Not All Peels are Created Equal

Chemical peeling is not a new concept. Since the days of ancient Egypt, people have looked to chemical substances to rejuvenate the skin. The original chemical exfoliants were natural acids: During ancient spa days, nobles created beauty treatments from lactic acid (found in sour milk) or tartaric acid in red wine. According to legend, Cleopatra even bathed in sour milk to brighten her complexion.

Modern-day chemical peels utilize a variety of peeling agents—acids derived from natural sources, such as salicylic, glycolic or other alpha-hydroxy acids (AHAs) along with synthetic acids/agents like TCA (trichloroacetic acid) or resorcinol. Using different strengths of these agents helps target different layers of the skin, allowing practitioners to address a broad range of skin concerns.

Cellular turnover slows as we age, and chemical peels aim to accelerate this process. Interestingly, the skin needs to be injured in order to rejuvenate itself. Following “trauma” to the skin during a chemical peel, the natural healing process begins, ultimately leading to a decrease in the appearance of sun damage and helping to reduce the appearance of wrinkles.

Chemical peels are divided into several categories based on their degree of intensity. The stronger the acids used in a peel, the more injury to the skin occurs. Though they are capable of producing the most skin rejuvenation, deep peels necessitate longer recovery periods and carry a greater risk of complications.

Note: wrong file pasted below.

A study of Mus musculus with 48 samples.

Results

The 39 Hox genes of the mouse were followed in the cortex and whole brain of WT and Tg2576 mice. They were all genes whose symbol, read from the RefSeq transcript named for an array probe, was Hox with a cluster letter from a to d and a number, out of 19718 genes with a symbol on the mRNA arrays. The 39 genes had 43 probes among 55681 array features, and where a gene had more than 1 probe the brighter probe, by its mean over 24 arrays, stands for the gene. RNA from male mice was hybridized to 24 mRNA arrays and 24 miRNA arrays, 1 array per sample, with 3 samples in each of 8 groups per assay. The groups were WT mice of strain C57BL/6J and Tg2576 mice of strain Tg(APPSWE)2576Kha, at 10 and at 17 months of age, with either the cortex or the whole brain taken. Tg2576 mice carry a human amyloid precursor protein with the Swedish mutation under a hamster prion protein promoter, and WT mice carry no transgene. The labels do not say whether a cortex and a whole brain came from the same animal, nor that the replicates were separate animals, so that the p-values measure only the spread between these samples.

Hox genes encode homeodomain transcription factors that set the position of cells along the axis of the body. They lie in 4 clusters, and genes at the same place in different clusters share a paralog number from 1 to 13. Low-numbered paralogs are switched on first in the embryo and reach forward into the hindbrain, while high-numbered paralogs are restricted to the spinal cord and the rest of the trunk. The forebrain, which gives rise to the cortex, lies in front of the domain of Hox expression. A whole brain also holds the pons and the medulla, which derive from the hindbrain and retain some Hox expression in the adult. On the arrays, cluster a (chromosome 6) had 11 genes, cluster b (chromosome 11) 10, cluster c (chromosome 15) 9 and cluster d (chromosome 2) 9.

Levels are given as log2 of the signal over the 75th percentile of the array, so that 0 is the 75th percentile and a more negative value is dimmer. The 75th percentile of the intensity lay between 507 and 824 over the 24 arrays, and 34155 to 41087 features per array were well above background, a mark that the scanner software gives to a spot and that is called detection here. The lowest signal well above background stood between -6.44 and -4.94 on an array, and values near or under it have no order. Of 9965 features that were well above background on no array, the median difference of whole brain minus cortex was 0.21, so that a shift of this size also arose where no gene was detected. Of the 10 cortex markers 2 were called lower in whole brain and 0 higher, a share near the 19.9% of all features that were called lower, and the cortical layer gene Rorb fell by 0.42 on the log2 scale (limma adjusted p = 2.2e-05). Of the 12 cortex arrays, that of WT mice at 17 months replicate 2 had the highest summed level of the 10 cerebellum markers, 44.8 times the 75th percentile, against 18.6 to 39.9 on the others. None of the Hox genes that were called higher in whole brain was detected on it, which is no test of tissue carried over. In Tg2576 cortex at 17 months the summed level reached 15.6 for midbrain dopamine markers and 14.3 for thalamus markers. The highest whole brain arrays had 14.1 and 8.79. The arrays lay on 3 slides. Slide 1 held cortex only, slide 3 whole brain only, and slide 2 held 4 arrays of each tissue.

Most superficial peels require several treatments to achieve noticeable results. In fact, a regular series of superficial peels can produce cumulative benefits with little risk. Minimally invasive peels like SkinMedica® Vitalize Peel® and Rejuvenize Peel™ give the skin an improved appearance with more uniform color and smoother texture, and have a short healing period of just a few days. Although it produces minimal skin exfoliation, a very superficial chemical peel like SkinMedica Illuminize Peel® instantly enhances the skin’s appearance and delivers a refreshed, healthy and more youthful look with no downtime.

Each type of chemical peel addresses a different degree of skin damage from mild skin imperfections to severe concerns, including the appearance of photo-damage, pigmentation, melasma, and acne scarring. The skincare specialist or physician will select the most appropriate chemical peel based on an assessment of the patient’s skin.

It is important to remember that the success of any peel depends upon the patient following all post-procedure instructions, including sun avoidance and the use of proper post-peel products.